Richard Pitino walked into the postgame news conference, his hair still matted with sweat.

“I look like I just got into a boxing match,” he joked.

In fact, the coach had just directed the Gophers men’s basketball team to its first two-game winning streak of conference play, after it had held off Purdue 62-58 on Saturday at Williams Arena. Getting his players to comfortably secure the victory, however, was apparently still a bit too much to ask.

The Gophers led by as many 15 points halfway through the second half, but that lead was only two when senior point guard DeAndre Mathieu missed the front end of a one-and-one with 23 seconds left, giving Purdue a chance to tie or take the lead.

It could have been more of the same for the Gophers (15-9, 4-7 Big Ten), who have lost six conference games by one or two possessions.

Instead, on a play that seemed to confuse everyone but the officials, Mo Walker strong-armed Vince Edwards’ tying layup attempt with 6 seconds to play, and Andre Hollins wound up with the rebound. The senior guard was quickly fouled and hit both free throws on the other end to clinch the victory.

“I just tried to get there and put my hands straight up,” Walker said. “Luckily the ref didn’t call a foul, I know sometimes they call that. But I feel like [Edwards] just put the ball right in my hands, and once he did that I just grabbed it.”

It was the final critical play for a Gophers defense that played the star after an ugly first half in which Minnesota hit only one field goal in the final 9 minutes, 8 seconds, arriving at the break trailing 31-27. But in a span of 2:12 just after the start of the second half, the Gophers’ press, led by Mathieu, collected five steals to spark a 14-0 run that put Purdue (15-9, 7-4) down 41-31.

The Gophers also used their matchup zone to turn Purdue over 23 times in all — their Big Ten best — on a season-high-tying 17 steals, scoring 29 points off turnovers. All five Gophers starters had at least two steals, including Carlos Morris, who had five in the second half alone.

It was a continuation of what the defense did to Nebraska in the Gophers’ previous game, a 60-42 victory Jan. 31. Over the past two games, the Gophers have forced 43 turnovers and totaled 27 steals.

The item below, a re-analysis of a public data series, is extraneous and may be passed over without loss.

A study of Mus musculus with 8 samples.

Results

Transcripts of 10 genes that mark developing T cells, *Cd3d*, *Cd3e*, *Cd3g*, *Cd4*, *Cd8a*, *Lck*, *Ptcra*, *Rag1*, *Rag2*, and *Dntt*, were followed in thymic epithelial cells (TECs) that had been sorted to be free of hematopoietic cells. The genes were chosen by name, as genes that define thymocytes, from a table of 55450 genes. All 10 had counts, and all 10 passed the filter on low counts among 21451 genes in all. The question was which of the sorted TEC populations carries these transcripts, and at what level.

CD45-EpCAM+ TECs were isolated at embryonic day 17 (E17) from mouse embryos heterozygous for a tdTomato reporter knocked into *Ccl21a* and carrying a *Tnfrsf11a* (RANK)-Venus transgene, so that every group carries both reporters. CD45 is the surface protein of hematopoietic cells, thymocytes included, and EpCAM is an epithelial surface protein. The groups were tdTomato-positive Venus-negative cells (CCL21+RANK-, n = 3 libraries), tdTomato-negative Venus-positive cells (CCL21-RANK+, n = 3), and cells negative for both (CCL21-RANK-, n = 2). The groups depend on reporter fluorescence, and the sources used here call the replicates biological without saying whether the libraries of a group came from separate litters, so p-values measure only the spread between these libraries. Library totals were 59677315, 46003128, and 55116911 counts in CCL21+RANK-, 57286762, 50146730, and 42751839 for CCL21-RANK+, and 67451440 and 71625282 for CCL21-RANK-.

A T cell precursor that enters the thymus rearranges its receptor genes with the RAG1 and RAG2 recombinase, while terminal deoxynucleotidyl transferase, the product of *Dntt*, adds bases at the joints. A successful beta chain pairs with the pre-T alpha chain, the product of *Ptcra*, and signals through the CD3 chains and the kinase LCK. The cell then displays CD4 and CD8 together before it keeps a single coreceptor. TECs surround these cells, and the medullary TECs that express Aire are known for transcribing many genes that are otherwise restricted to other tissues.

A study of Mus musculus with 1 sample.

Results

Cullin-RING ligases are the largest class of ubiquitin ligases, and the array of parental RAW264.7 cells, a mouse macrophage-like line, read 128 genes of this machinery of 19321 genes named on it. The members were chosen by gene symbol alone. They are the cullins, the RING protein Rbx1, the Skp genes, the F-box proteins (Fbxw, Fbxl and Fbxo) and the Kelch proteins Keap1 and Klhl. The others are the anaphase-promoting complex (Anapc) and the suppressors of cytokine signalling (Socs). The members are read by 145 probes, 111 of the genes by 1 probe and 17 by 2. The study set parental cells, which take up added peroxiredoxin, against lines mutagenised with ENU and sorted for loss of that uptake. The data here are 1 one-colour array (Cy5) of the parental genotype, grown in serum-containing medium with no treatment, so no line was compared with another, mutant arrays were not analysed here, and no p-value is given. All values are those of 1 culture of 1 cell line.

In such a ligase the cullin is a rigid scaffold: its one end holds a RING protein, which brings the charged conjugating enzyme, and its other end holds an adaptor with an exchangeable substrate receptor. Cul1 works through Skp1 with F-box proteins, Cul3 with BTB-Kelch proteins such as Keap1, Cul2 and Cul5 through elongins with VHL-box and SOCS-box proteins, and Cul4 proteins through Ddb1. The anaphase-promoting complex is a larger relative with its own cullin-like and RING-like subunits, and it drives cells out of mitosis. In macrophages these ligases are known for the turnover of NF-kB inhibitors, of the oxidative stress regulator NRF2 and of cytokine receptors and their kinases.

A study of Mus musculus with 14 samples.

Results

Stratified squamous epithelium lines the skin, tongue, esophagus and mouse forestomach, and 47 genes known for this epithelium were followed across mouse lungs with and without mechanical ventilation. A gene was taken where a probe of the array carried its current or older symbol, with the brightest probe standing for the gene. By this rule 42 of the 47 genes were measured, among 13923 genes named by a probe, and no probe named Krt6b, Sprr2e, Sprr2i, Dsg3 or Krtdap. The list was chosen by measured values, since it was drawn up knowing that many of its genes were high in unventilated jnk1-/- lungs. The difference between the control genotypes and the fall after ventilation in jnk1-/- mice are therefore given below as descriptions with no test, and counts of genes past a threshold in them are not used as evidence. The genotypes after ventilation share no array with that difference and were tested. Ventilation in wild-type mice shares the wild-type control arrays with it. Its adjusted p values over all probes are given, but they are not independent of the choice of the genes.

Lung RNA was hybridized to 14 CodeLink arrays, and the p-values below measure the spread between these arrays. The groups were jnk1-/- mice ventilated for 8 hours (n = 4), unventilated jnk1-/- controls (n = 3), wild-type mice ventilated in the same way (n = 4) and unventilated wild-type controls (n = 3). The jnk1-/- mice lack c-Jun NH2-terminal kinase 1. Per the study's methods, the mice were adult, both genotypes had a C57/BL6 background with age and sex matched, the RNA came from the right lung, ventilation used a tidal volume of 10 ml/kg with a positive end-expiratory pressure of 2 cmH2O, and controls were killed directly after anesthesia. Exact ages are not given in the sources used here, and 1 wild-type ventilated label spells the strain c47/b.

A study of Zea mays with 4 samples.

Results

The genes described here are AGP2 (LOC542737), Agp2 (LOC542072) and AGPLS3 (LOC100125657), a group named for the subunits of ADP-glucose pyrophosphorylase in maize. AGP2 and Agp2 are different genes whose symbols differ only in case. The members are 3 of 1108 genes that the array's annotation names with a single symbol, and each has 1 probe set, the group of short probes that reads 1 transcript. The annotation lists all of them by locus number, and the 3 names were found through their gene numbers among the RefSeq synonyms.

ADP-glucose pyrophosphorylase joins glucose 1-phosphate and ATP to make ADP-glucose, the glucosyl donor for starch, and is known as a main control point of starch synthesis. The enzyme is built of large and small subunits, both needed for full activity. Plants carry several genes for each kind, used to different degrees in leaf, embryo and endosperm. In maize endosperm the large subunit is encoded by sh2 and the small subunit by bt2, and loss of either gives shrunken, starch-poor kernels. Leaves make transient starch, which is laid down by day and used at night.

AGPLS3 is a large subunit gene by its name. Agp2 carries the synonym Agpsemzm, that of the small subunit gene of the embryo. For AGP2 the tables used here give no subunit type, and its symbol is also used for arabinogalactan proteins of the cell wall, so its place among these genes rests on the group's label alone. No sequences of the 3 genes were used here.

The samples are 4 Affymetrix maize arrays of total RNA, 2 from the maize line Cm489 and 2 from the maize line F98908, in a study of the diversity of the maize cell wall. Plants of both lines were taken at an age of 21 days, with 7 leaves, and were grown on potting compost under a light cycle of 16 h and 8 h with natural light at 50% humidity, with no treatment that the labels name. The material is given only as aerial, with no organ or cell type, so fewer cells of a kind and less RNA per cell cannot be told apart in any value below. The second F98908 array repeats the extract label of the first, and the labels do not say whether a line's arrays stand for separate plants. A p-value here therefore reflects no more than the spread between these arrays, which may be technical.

The Gophers extended their lead over the Boilermakers to 48-33 on Morris’ final steal, when the forward followed Walker’s three-point play by intercepting a pass and moving in for a layup while being fouled. The announced crowd of 13,041 leapt to its feet, and Pitino, having already lost both his jacket and his tie, was jumping and screaming right along with the fans.

“I’m really not that fiery on the sidelines, but I needed to be today to get our guys going and playing with some emotion,” said Pitino, who joked that if the game had gone into overtime, he might have had to coach in a T-shirt. “It was so hot in there, I figured I might as well get a workout in and sweat a little bit.”

But Purdue’s long-range Hail Marys nearly spoiled the effort. The Boilermakers missed their first seven shots from beyond three-point range in the second half but then made seven of nine down the stretch — including three that were banked in — to eradicate what felt like a decisive lead.

Purdue crept back within 53-49 with 5:21 to go, but Joey King responded with a three to give the Gophers some breathing room. Jon Octeus then hit back-to-back threes — he finished with 17 points — to put the Boilermakers within 60-58 with 61 seconds to play.

But Purdue got no closer.

“That was ridiculous,” said Hollins, who finished with 18 points and five rebounds. “Octeus banked two shots in and he hit some others and other players that have hit less than 10 threes on the year made threes. So it happens like that, but we pulled it out.”